By David Clough

David Warner believes Ben Stokes has "let a lot of people down" and will need to earn back the respect of his team-mates if he does eventually make it on to their Ashes tour.

Combative Australia opener Warner, who dismissed concerns a minor neck injury will keep him out of this week's first Test, has had his say on the absence of England's key all-rounder.

Stokes (right) remains at home waiting to hear if he will be charged after being arrested following a late-night fracas in Bristol eight weeks ago.

He is currently suspended from international selection and will face an England and Wales Cricket Board disciplinary hearing once Avon & Somerset Police have concluded their business.

Warner said: "It's disappointing for the England team and the country. He's let a lot of people down. I'd love for him to be here, I know what a competitor he is and a world-class player."

Asked if he thinks that should happen, Warner added: "It's obviously up to the English police first.

"But he knows he's made a mistake and it's about him getting that respect back from his (fellow) players and countrymen.

"If he does come out, we wish him well and hope he brings the fieriness to the cricket."

Warner has often been known for his provocative behaviour on the pitch - and although he has toned that down, he is not ruling out the occasional word or two.

"I've mellowed over the last couple of years," he said.

"(But) when you're in the heat of battle and things get a bit fiery, I will (still) be feisty."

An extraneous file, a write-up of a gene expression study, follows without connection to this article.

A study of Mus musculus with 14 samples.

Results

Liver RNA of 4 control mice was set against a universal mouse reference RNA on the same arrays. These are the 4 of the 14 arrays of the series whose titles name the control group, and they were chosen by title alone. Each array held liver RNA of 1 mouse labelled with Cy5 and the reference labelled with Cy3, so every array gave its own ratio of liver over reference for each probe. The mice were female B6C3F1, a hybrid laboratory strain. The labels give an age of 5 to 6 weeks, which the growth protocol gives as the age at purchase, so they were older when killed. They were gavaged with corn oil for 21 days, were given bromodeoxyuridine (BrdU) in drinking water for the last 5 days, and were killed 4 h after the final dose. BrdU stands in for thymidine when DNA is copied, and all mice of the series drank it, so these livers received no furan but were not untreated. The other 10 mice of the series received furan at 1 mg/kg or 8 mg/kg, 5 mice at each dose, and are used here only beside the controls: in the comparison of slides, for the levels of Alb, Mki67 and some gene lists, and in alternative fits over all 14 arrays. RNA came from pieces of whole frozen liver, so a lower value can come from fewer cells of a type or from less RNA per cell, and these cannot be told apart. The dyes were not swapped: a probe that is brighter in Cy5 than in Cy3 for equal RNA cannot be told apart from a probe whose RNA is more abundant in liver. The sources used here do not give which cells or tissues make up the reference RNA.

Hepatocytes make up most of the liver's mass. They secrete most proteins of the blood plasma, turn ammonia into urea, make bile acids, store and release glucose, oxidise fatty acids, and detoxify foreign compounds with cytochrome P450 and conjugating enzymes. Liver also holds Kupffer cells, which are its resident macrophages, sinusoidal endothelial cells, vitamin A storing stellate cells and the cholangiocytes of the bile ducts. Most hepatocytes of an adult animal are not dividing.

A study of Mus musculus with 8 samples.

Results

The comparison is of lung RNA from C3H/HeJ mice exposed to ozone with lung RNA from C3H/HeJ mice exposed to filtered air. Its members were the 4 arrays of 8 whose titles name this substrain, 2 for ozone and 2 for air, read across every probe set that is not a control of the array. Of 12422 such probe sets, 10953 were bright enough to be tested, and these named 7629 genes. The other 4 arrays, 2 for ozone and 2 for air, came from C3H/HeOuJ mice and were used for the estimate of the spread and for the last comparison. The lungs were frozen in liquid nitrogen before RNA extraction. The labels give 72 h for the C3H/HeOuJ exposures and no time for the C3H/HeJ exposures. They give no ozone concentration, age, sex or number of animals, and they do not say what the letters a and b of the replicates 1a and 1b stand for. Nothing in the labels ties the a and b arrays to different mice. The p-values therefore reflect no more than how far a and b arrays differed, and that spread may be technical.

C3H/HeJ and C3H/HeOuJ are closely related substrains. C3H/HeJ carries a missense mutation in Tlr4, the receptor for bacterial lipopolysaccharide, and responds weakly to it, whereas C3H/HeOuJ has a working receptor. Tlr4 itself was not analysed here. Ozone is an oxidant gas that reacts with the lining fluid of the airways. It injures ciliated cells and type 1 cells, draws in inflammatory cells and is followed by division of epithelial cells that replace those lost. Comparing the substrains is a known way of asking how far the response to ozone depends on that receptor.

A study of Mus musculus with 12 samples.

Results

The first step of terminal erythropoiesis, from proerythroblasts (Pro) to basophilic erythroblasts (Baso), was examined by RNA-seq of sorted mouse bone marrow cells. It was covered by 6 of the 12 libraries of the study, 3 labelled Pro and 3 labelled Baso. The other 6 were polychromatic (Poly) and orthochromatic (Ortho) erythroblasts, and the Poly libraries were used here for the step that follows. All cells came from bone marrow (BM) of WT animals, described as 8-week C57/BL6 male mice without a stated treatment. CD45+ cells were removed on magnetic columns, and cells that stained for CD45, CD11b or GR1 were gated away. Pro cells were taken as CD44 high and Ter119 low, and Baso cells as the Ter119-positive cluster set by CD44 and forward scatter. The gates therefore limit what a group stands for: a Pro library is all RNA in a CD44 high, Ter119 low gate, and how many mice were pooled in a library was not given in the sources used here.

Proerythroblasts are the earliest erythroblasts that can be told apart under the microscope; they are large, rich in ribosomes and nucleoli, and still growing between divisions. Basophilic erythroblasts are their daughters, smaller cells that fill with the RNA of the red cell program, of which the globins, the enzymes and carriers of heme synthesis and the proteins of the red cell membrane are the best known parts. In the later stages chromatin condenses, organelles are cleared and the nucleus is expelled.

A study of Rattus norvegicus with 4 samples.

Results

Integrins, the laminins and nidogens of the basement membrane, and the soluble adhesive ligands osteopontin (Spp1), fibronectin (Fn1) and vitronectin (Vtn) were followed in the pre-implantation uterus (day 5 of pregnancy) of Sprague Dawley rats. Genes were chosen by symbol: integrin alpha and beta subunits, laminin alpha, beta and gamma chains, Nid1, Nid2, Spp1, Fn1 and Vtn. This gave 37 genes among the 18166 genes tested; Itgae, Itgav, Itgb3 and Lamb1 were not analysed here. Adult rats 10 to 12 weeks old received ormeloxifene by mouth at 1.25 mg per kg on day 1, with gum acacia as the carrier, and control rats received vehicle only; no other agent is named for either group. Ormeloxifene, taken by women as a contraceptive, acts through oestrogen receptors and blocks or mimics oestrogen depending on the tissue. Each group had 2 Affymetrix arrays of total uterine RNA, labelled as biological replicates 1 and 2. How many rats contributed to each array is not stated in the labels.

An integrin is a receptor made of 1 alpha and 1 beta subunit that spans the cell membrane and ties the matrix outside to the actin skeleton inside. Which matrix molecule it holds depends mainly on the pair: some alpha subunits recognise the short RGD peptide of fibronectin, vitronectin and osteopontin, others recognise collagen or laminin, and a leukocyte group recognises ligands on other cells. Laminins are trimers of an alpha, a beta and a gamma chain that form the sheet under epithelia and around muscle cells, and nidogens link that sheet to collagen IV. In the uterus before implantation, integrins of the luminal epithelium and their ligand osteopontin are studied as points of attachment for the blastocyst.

In the more immediate term, he insists there is no question of him missing round one at the Gabba tomorrow just because he cricked his neck during catching practice.

Warner's movement still appeared restricted but he nonetheless allayed fears he could be struggling to play this week, despite having faced only three throw-downs in the nets before skipping the rest of practice.

"I don't think a sore neck is going to keep me out," he said. "I took a high ball and something just twinged. (It) is quite stiff. I'm getting a bit of physio treatment and hope it settles down over the next 24 or 48 hours."

Warner decided to stop batting because he was worried he would do more harm than good.

"It's quite sore," he added. "I haven't really had a stiff neck like this one. I couldn't align myself face-on with Hicky (batting coach Graeme Hick). There's no point because I can't angle myself and I'll get into bad habits."